What constitute commingling of property?


I’m widowed and have all my estate money in a separate account that is not accessible

to my girlfriend. My house is free and clear and in my Trust. My girlfriend and I opened a checking account together and I plan on paying the taxes every year from this joint account. Is this considered commingling? I want the house to go only to my kids.The taxes are to be paid out of our joint checking account that is funded by both our SSA and pension, never from my Trust money.

Asked on July 9, 2016 under Estate Planning, Washington

Answers:

B.H.F., Member, Texas State Bar / FreeAdvice Contributing Attorney

Answered 4 years ago | Contributor

Commingling is when you mix the ownership of property or assets.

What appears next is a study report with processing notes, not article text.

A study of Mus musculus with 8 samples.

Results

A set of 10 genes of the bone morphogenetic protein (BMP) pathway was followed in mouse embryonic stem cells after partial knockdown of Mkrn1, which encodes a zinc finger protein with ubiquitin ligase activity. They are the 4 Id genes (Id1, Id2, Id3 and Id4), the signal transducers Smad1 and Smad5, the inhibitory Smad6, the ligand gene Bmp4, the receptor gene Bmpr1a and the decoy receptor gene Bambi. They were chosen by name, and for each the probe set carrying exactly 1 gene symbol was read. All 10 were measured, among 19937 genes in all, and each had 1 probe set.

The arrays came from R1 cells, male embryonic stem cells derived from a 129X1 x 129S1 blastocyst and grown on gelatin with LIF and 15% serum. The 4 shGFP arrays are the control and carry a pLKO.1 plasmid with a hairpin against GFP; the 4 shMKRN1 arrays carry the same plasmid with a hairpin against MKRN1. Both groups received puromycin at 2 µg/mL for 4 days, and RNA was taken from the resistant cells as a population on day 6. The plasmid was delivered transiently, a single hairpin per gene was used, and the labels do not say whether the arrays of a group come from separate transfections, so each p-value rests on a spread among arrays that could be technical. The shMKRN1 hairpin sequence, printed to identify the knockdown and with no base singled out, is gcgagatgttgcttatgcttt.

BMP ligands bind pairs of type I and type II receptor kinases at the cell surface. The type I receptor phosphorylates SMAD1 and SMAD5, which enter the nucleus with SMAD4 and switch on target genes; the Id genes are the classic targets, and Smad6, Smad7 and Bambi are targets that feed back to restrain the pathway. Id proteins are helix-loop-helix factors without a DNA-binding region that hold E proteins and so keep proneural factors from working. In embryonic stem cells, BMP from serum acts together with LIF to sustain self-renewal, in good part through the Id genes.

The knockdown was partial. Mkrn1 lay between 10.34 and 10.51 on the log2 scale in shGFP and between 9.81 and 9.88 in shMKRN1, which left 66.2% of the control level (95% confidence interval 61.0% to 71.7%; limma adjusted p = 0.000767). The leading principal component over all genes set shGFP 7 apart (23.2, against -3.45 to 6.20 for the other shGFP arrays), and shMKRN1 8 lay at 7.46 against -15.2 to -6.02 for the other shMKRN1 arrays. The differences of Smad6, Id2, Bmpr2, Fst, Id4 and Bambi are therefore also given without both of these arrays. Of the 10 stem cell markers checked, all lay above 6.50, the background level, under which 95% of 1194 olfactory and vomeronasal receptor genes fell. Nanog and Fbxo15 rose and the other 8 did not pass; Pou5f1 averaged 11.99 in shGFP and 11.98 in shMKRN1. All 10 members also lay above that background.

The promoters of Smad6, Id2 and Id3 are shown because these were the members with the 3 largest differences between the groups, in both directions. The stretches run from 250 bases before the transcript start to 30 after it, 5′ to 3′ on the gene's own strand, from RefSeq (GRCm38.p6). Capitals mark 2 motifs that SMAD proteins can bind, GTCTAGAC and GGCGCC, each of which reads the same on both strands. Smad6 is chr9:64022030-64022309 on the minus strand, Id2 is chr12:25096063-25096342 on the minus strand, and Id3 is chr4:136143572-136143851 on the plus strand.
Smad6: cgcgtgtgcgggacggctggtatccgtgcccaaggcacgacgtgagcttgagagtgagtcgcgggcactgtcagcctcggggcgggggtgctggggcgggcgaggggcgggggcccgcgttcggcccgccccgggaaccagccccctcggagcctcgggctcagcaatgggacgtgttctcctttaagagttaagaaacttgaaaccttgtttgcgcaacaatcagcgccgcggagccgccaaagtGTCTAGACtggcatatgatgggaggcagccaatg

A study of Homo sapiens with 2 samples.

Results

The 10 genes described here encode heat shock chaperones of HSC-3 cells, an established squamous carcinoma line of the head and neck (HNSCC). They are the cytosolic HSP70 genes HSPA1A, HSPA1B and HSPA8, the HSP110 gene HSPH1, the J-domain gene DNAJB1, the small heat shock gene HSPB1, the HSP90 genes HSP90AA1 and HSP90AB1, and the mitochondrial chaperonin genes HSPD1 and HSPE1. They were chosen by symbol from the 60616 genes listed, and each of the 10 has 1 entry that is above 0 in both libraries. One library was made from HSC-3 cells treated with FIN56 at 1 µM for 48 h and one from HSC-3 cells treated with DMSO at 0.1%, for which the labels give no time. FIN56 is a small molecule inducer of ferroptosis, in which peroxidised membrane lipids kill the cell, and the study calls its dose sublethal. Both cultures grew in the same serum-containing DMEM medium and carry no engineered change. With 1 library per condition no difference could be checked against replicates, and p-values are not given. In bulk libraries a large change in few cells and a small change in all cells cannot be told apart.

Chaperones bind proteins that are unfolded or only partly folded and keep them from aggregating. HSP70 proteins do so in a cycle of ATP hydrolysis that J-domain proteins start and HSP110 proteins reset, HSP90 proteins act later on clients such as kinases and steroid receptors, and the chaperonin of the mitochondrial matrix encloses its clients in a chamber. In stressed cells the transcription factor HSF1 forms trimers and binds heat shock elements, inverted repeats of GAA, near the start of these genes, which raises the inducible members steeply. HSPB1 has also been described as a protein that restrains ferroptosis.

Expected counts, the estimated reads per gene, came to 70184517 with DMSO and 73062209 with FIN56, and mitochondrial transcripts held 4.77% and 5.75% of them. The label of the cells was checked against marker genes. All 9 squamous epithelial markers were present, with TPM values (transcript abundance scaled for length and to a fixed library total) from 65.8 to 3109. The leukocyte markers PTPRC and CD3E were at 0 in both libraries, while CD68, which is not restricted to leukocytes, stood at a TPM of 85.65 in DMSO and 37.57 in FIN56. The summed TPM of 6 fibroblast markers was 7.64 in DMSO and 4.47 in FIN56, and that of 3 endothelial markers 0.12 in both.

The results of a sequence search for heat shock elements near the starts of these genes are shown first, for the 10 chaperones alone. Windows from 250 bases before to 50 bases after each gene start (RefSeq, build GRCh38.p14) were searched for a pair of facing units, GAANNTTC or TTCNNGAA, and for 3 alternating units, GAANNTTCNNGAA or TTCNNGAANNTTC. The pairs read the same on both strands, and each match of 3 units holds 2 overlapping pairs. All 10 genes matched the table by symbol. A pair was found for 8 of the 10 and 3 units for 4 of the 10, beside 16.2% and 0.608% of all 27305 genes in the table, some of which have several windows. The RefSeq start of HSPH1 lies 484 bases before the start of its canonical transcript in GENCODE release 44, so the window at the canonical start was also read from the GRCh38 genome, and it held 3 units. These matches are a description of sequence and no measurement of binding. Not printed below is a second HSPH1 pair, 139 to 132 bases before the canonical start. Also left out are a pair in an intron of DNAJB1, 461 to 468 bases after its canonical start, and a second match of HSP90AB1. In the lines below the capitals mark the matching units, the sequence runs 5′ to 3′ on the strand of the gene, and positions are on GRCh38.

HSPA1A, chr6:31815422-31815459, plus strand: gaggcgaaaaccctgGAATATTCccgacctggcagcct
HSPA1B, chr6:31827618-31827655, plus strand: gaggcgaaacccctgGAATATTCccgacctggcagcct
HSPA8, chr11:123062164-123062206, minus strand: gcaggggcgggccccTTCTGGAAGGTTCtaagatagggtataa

To keep the bulk of your funds as your separate property, make sure you keep those funds in a separate account.  Only move to joint account when need be.
To keep the house clearly yours, make sure that you do not transfer any title documents.  If you transfer any title documents, you run the risk of co-mingling the asset-- or having it perceived that you gifted part of the asset. 
Your idea of putting a limited amount of funds into a joint account to pay the taxes is okay.  It can be easily argued that this is only taxes, not an act of ownership.  It could also be argued as an act of ownership and used against you.  However, it would be much better if you each just paid half out of your separate accounts.  The best practice would be for you to pay all of the taxes out of your separate account.  If your girlfriend wants to contribute, let her help with utilities, groceries... things that cannot be construed as acts of an owner.  This will give you the most protection from co-mingling of all of the options you have.